As well as reducing the chance of getting a common cold, recent research shows that vitamin D supplementation reduces the severity and duration of common colds
After a couple of years of mask-wearing, social distancing and hand sanitising, the common cold is back. And – according to some people – back with a vengeance. Some are calling it a “super cold” – others, “the worst cold ever”. Fortunately, there may be a way to reduce the duration of a cold: vitamin D supplements.
We may suffer more common colds during the winter because we spend more time close to each other indoors. But vitamin D levels might also influence the risk of getting a cold. There are more colds during winter when vitamin D levels are lowest, and fewer colds during summer when vitamin D levels are highest.
We get most of our vitamin D from the sun’s rays (80%–100%) and only a small amount from our diet. For people living at latitudes above 30 degrees, such as in the UK, there is a higher risk of having low vitamin D levels (vitamin D insufficiency) in the winter. People who spend most of their time indoors, or with their skin covered, are also at a higher risk of vitamin D insufficiency. More than half of the UK population is considered to have insufficient vitamin D levels in winter.
In the UK, the sun’s rays are too weak to provide enough vitamin D between October and March. This means that from October until March, people’s vitamin D levels are likely to fall.
Research shows that vitamin D influences the risk of catching common colds and other respiratory infections. People with lower vitamin D levels are more likely to have a common cold, and people supplemented with vitamin D are less likely to get a common cold.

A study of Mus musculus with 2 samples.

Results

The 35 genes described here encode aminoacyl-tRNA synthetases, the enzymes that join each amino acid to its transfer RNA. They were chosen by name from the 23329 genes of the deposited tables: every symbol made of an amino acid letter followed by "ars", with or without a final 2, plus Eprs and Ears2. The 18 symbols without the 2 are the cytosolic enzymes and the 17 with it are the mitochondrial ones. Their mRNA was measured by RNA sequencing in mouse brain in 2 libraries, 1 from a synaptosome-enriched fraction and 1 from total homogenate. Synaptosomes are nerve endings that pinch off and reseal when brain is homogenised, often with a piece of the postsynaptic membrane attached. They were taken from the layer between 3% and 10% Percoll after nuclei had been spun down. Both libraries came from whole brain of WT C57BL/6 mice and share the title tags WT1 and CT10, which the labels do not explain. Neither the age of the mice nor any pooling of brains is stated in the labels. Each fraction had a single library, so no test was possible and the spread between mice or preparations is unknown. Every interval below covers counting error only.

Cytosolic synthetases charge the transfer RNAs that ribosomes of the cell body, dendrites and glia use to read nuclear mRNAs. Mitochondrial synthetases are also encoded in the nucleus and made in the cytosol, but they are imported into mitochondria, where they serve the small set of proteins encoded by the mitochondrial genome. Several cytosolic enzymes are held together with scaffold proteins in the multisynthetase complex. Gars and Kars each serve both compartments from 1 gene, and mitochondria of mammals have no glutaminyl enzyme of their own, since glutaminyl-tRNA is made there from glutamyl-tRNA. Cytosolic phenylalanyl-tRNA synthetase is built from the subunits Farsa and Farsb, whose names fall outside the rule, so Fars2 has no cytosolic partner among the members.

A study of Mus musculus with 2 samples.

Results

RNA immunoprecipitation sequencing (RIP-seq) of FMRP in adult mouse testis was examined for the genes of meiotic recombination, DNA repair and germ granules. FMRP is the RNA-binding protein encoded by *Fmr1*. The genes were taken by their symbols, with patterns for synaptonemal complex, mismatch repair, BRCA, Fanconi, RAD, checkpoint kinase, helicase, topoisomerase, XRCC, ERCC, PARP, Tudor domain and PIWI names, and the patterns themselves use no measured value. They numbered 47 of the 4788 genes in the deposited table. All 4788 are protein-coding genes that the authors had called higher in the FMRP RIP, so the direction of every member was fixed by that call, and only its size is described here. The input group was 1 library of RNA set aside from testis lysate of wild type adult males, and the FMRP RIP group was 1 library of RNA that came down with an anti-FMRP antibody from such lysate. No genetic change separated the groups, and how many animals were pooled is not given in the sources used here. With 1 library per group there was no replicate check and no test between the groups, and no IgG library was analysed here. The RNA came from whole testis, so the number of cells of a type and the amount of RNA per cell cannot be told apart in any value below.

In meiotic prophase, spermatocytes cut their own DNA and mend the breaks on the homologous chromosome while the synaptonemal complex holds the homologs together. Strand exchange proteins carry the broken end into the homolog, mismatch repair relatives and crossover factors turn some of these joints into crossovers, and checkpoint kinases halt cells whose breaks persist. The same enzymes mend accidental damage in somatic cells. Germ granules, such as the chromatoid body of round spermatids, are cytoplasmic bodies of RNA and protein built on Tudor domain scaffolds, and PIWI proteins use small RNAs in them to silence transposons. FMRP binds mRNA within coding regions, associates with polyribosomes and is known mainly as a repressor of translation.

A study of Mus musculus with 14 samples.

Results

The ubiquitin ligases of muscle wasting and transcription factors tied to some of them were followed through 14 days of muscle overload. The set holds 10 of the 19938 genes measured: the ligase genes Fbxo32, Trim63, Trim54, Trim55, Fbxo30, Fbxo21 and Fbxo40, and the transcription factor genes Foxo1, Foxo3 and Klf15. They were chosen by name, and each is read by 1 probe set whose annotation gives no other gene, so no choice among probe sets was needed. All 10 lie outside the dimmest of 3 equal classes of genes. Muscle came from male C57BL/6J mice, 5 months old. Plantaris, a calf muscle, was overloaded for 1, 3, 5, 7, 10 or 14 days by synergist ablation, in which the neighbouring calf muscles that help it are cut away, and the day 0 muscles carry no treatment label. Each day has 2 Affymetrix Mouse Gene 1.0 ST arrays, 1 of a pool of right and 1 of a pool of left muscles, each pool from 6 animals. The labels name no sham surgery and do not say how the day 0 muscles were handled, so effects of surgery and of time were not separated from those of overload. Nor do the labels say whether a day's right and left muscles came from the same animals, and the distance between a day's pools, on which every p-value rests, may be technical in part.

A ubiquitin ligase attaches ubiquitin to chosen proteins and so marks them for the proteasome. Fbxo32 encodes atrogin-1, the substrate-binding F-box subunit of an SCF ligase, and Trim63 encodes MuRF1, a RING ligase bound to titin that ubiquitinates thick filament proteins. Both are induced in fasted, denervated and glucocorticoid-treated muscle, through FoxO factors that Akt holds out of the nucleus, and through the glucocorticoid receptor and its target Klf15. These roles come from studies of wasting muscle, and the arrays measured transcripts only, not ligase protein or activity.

As well as reducing the chance of getting a common cold, our recent research shows that vitamin D supplementation reduces the severity and duration of common colds.
First, we found that vitamin D-sufficient military recruits were less likely to have a common cold than vitamin D-insufficient recruits during 12 weeks of basic military training. Then we examined the effect of vitamin D supplementation during winter on common colds. We supplemented recruits with either simulated sunlight (UV radiation by a whole-body irradiation cabinet) or oral vitamin D₃ tablets (1,000 IU per day for four weeks to restore vitamin D to normal levels and then 400 IU per day for eight weeks to maintain healthy vitamin D levels). Both supplements similarly achieved vitamin D sufficiency in almost all recruits.
We found that vitamin D supplementation did not reduce the likelihood of getting a common cold, but it did reduce the number of days a participant had a common cold by 36%. It also reduced the peak severity of common cold symptoms by 15%.
Our findings support the UK government’s recommendation to maintain vitamin D sufficiency all year round, and they show a potentially beneficial role of wintertime vitamin D supplementation.
It is not possible to get enough sunlight in the UK between October and March, so it’s advisable to take a 10 microgram vitamin D supplement daily during this period (this value is sometimes shown as 400 IU on the label). If you can’t get any sunlight at all, or you have not supplemented with vitamin D from October onwards, you may need to take 25 micrograms (1,000 IU) of vitamin D for four weeks to restore your vitamin D to a healthy level.
To ensure that you get enough vitamin D during the summer, make sure you get short periods of regular sunlight exposure. Safe sunlight exposure for people living at latitudes between 30 and 60 degrees north involves being in the sun for 15 minutes between 10am and 3pm while wearing a T-shirt and shorts.